Kanze Zeami (1364-1444), also called Zeami Motokiyo, was a Japanese actor, playwright, and critic. His theoretical works on the art of the No are as justly celebrated as his dramas.
It was the great esthete, statesman, and patron of the fine arts, the shogun Ashikaga Yoshimitsu, who discovered Zeami and his father, Kannami, a brilliant No actor. At a command performance of Okina, Kannami appeared before the Shogun and impressed him so favorably that he was at once named knight companion to Yoshimitsu, a considerable distinction. Kannami died in 1384 on tour. Zeami always spoke of his father in the most adulatory and respectful terms as a great actor, playwright, composer, and choreographer, for talent in all these capacities is required in the creation of a No drama.
Zeami first appeared before Shogun Yoshimitsu in a performance at the Imakumano Shrine in 1374. Before he reached his majority at 20, Zeami was considered an accomplished and polished performer. Upon the death of his father Zeami became the head of the troupe. Sometime in his early 20s Zeami entered the awkward age, when he was neither a charming youth nor yet the great artiste he was to become at the height of his fame.
Resolved to suffer the embarrassments of the awkward age, Zeami blossomed forth in his mid-20s as a serious actor of note. Zeami was not spoiled by his new success, for he realized that only with the passing of years and the coming of wisdom was the actor's true "flower" achieved. Perseverance and a life devoted to art were keys to the formula of his success.
Zeami wrote extensively on the art of the No in Kadensho (1400; On Transmitting the Flower); Shikadosho (1420; On the Way of the Highest Flower); and Nosakusho (1423; On the Composition of No). The No drama is a combination of many elements, rather like opera. It is a mixture of singing, dancing, orchestral accompaniment, and usually a dramatic theme expressed in poetry of a very high order. The actors are clothed in gorgeous brocaded robes and wear masks. One No play usually takes about an hour to perform. The play is constructed in three parts: jo, or introduction; ha, or development, an increase of the dramatic rhythm; and Kyu, the climax, in which there is usually a spirited dance.
There are five types of plays. A program might have one of each to present variety: god plays, hero plays, lady plays, contemporary or variety plays, and demon plays. Of all the different ingredients of the No play, it was the art of acting that Zeami wrote about in great detail, giving us a glimpse of the ideals and the reality of the life of the stage 600 years ago.
In the Kadensho Zeami is at pains to describe the virtuosity of his father so that later generations might know what a great and original actor he was. In this critical work Zeami stressed the importance of yugen as the most fundamental element of No. Yugen, which means elegance or grace, also means a special quality more real than apparent which transforms something common into art.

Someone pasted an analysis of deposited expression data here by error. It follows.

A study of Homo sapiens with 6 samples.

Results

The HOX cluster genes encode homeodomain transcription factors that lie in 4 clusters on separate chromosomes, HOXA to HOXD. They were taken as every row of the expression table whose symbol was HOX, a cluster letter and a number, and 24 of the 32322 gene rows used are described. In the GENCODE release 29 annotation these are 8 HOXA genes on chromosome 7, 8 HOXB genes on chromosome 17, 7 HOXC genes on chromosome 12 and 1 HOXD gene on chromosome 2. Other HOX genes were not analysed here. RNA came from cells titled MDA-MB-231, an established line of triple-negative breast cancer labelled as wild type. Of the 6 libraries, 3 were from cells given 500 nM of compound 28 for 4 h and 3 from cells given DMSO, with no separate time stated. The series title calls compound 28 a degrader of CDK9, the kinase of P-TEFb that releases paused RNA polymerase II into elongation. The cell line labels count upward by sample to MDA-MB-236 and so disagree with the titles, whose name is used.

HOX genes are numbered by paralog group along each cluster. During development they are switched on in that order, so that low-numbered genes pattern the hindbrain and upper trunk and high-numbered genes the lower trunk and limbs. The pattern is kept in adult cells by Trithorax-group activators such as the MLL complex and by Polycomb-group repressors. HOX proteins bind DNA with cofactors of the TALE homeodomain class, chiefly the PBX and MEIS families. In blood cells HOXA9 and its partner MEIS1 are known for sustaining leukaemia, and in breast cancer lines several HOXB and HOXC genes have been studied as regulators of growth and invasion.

Zeami in his essays on acting expressed the opinion that a young actor, even eleven years old, has a certain charming quality which enhances his performance. His youthful appearance and voice help him to offset any criticism of his lack of finesse. If this emphasis on youth seems inconsistent with Zeami's insistence on the maturity and virtuosity of the accomplished actor, it must be noted that the Shogun himself was only a few years older than Zeami and was surrounded by a youthful entourage of samurai. Zeami was favored and cultivated by many because of his intimacy with the Shogun.
In addition to being assigned the authorship of some of the best-known dramas, such as Matsukaze, Eguchi, and Sotoba Komachi, Zeami is also credited with the No dance, kusemai, an important addition to the structure of a No play. Zeami was once assumed to have been the author of about half of the known repertory. Modern scholarship has now left him with about 25 of the finest, most artistic examples of Japan's classical drama.
Zeami reached the height of his fame when he appeared at Yoshimitsu's villa at Kitayama in a performance in honor of Emperor Go-komatsu in 1408. Within a few weeks Yoshimitsu had died of an illness, and the No had lost its most important patron. The next shogun showered his patronage on a rival actor. For some years after this Zeami seems to have fallen out of favor and to have spent his time composing dramas and writing criticism on the actor's art. In 1422 Zeami retired from the world into Holy Orders, leaving to his son the leadership of his troupe.
In later years both Zeami and his son Motomasa experienced the hostility of Shogun Yoshinori, while Zeami's nephew was shown preference. Father and son were not bidden to the palace of the Shogun and later were excluded from performing before the retired emperor. When Motomasa died in seclusion in the country, Zeami was inconsolable. His grief blighted the remaining years of his life.
The leadership of Zeami's school of the No passed to his son-in-law Komparu Zenchiku. In 1434 Zeami was banished to the remote island of Sado in the Sea of Japan. He remained there until the assassination of Yoshinori resulted in a general amnesty in 1441. Zeami then returned to Kyoto.
There is little on Zeami in English. For useful background see Arthur Waley, The No Plays of Japan (1921); Ezra Pound and Ernest Fenollosa, The Classic Noh Theatre of Japan (1959); and Donald Keene, with photos by Kaneko Hiroshi, No: The Classical Theatre of Japan (1966).